Onderzoeksoutput: Bijdrage aan tijdschriftA1: Web of Science-artikelOnderzoekpeer review

Auteurs

  • Nick J.B. Isaac
  • Colin A. Harrower
  • Ben Collen
  • Arco J. van Strien
  • David B. Roy

Externe Organisaties

  • CEH - Centre for Ecology and Hydrology
  • University College London
  • Statistics Netherlands

Details

Originele taal-2Nederlands
TijdschriftBiological Journal of the Linnean Society
Volume115
Tijschrift nummer3
Pagina's (van-tot)690-706
ISSN1095-8312
StatusGepubliceerd - 2015

Abstract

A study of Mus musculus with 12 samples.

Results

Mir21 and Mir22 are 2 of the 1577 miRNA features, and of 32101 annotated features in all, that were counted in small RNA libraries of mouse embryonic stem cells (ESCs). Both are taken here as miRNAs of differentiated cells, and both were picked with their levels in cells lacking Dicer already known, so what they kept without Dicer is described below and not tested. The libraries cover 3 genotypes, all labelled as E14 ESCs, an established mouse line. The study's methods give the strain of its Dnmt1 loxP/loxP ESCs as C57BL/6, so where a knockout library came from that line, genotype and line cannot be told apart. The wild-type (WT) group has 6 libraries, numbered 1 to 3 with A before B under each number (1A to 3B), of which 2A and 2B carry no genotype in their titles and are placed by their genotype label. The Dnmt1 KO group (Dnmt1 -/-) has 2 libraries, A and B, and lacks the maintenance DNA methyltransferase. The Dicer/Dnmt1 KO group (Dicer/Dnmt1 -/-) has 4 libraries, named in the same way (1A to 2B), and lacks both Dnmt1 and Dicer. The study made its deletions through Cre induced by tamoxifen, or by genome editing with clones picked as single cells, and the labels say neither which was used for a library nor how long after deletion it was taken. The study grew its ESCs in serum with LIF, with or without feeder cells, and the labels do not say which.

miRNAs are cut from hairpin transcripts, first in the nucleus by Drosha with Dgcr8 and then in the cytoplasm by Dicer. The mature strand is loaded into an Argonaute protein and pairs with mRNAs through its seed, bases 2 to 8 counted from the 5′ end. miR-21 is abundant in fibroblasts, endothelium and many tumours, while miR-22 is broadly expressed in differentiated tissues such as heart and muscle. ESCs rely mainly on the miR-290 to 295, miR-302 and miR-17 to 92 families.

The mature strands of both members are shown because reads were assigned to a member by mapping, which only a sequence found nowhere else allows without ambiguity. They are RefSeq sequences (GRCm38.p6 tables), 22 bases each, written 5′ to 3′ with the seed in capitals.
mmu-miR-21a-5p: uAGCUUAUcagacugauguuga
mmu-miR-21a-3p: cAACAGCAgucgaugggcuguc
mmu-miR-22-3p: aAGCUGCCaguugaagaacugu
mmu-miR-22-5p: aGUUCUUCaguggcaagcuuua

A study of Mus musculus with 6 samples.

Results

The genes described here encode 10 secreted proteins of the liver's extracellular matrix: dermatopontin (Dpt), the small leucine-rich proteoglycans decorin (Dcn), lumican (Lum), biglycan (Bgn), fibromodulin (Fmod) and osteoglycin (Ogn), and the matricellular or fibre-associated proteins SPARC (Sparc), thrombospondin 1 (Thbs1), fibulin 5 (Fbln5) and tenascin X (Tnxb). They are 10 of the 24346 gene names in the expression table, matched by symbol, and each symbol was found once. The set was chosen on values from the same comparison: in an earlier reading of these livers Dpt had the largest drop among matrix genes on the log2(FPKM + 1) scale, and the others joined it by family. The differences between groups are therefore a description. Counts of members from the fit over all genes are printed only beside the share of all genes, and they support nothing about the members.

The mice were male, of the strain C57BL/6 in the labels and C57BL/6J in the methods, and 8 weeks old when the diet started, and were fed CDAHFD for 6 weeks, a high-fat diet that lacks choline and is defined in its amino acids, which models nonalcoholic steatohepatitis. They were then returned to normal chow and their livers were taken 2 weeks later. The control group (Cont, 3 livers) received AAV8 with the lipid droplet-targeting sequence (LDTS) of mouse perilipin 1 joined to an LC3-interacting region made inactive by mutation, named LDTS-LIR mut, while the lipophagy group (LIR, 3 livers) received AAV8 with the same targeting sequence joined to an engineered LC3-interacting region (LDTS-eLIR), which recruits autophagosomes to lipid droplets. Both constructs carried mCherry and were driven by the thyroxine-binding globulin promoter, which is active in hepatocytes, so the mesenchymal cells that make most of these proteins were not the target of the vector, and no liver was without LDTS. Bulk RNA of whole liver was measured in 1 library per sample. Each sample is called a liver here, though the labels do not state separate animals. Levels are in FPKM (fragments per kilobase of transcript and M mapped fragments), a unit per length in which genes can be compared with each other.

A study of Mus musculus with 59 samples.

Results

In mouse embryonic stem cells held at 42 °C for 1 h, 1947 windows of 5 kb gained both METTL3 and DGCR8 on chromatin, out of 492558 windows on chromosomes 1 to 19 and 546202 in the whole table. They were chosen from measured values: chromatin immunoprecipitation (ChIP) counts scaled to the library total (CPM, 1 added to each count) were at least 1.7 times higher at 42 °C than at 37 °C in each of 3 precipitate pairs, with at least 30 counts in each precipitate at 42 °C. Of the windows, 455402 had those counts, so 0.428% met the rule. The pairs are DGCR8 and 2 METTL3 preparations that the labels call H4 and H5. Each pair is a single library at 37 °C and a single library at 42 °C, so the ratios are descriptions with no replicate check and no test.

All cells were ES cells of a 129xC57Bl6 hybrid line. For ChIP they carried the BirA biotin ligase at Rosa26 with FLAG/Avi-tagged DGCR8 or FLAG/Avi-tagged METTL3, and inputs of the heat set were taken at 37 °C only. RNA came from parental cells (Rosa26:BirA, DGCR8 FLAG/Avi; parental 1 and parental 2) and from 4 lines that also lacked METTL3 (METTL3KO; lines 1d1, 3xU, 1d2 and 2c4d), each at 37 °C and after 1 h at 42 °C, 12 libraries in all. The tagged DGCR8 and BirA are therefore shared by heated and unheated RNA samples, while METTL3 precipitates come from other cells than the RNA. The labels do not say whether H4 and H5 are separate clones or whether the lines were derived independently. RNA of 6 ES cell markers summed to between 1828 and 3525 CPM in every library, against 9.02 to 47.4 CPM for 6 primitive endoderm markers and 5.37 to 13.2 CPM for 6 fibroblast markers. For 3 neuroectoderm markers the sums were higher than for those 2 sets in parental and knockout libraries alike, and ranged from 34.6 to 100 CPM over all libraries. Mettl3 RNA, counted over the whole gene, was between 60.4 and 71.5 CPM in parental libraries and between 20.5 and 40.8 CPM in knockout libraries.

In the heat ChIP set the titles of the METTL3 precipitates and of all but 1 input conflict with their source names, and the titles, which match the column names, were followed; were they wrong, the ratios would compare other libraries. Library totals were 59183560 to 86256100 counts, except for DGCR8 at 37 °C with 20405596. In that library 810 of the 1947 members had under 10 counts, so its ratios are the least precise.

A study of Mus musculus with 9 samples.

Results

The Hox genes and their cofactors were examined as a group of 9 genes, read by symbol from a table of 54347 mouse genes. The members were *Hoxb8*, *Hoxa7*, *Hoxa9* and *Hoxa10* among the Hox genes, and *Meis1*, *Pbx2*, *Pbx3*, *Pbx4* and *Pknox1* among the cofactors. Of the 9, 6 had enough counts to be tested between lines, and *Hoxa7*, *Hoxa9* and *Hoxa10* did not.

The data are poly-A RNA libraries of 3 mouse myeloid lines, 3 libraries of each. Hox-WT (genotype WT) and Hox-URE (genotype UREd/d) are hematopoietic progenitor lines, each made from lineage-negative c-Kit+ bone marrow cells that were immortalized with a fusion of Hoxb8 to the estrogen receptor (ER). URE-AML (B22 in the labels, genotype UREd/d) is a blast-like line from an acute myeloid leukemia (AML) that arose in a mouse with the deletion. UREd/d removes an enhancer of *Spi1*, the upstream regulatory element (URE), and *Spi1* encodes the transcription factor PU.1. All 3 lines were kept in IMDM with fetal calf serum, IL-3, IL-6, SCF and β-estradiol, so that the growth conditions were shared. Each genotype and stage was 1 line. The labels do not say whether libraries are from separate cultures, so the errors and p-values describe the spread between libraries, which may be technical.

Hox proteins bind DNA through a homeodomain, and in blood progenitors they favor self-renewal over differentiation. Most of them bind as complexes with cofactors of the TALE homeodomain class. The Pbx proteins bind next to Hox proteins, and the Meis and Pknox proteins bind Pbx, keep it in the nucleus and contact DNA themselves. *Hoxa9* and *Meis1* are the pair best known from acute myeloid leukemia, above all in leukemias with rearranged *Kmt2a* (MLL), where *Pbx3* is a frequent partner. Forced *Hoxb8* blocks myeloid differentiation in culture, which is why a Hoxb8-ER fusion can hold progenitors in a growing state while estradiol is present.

IUCN Red Lists are recognized worldwide as powerful instruments for the conservation of species. Quantitative criteria to standardise approaches for estimating population trends, geographic ranges and population sizes have been developed at global and sub-global levels. Little attention has been given to the data needed to estimate species trends and range sizes for IUCN Red List assessments. Few regions collect monitoring data in a structured way and usually only for a limited number of taxa. Therefore, opportunistic data are increasingly used for estimating trends and geographic range sizes. Trend calculations use a range of proxies: i) monitoring sentinel populations, ii) estimating changes in available habitat or iii) statistical models of change based on opportunistic records. Geographic ranges have been determined using: i) marginal occurrences, ii) habitat distributions, iii) range-wide occurrences, iv) species distribution modelling (including site-occupancy models) and v) process-based modelling. Red List assessments differ strongly among regions (Europe, Britain and Flanders, north Belgium). Across different taxonomic groups, in European Red Lists IUCN criterion B and D resulted in the highest level of threat. In Britain, this was the case for criterion D and criterion A, while in Flanders criterion B and criterion A resulted in the highest threat level. Among taxonomic groups, however, large differences in the use of IUCN criteria were revealed. We give examples from Europe, Britain and Flemish Red List assessments using opportunistic data and give recommendations for a more uniform use of IUCN criteria among regions and among taxonomic groups.